Memorial Hospital and Manor physical therapists offer full range of rehab treatments

Published 4:12 pm Friday, August 10, 2018

Step into the Rehabilitation Department of Memorial Hospital and Manor and experience the many different ways they have to assist patients with physical therapy and occupational therapy.

The outpatient clinic located in the Medical Office Building on Wheat Street is probably the most familiar to the general public, while the department in the hospital works with patients who have been admitted. They may be in swing bed care, acute cases or temporary residents of the Manor to receive their rehabilitation following illness or injuries, then go home.

A staff of  licensed therapists cover both locations. Paula Adams, PT,DPT serves as the director over all divisions. Daryl Hall, DPT, is a senior therapist at the outpatient clinic.


They serve both children and adults, including babies. Kristin Hudgins, MHS,OTR/L is over the occupational therapy division. She also sees children after school. In May she worked with a baby as young as five days old. It was noticed that the baby was barely moving its left arm. “After therapy the arm is now functioning properly,” she explains.

The Occupational Therapy department works with patients where the goal is to get the patient back to the normal activities of their lives, be it a job or just helping them do the things they need and want to do.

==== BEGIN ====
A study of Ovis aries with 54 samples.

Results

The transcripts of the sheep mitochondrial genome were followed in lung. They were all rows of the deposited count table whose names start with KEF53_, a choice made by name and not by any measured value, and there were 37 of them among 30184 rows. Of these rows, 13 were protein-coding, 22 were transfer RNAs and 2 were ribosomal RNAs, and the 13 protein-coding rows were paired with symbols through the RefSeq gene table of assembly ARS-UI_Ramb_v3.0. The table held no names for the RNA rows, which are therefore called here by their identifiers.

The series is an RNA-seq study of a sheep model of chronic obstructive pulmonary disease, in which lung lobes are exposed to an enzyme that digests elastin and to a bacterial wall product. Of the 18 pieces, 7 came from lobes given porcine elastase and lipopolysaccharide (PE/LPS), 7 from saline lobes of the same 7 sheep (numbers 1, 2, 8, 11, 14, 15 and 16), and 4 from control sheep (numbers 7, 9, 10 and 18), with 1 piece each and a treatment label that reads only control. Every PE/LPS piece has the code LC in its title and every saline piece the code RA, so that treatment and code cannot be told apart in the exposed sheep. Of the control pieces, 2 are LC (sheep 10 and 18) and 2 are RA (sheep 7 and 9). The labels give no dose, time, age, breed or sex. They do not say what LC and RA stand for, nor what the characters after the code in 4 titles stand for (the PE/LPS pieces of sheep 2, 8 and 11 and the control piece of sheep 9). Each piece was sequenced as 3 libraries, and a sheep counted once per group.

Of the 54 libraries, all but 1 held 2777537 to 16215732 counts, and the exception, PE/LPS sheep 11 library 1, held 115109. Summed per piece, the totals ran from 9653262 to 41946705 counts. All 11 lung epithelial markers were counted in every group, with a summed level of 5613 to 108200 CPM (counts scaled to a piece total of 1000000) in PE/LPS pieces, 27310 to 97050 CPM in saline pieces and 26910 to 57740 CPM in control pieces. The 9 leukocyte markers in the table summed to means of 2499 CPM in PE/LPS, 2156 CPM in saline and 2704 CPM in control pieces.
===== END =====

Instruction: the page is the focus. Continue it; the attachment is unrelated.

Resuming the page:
Hudgins and her team demonstrated a couple of the tools they use to test for strength and motor skills. One was called a dynamometer – a grip strength tester. The other was a row of screws stuck face up in a board. The patient must fit the nuts to them. That tests the fine motor skills and dexterity of the patient.

Physical therapy’s aim is to reduce pain and increase muscle strength by working with those who have had bone and/or muscle surgery. It also deals with people who have had heart attacks or those with COPD. It is a matter of reconditioning the patient to help them get stronger and feel better.

Daryl Hall was working with a patient who had recently had total knee replacement. The goal is to increase the range of motion the patient has with the knee and movement of the leg. Hall said he once had a knee replacement patient whose degree of movement went from 80 degrees to 130 degrees in a four-week period of therapy consisting of sessions two to three times a week.  He explained that most people reach a plateau in a range of 110 or 120 degrees.

Hall then shared a story of a baby who was brought in for care at 21 months of age because she hadn’t begun to crawl. “Six months later she was not only crawling, but walking,” he says with a smile.

They definitely deal with a large field of ailments and complaints. One of the therapists, Joleen Smith, who suffers from plantar fasciitis, was receiving a treatment from an Iontophoresis machine, a device that delivers medication to her foot through an electrical charge.

All of the therapists show their love for their jobs. There is great satisfaction in helping others and watching their progress. Jamie Williams, PTA, who works mostly in the hospital area summed it up saying, “It is a bonus when you see people get better.”

Outpatient services are provided five full days per week, from 7 a.m. to 5 p.m. as needed. It is necessary to obtain a referral from a physician in order to receive services.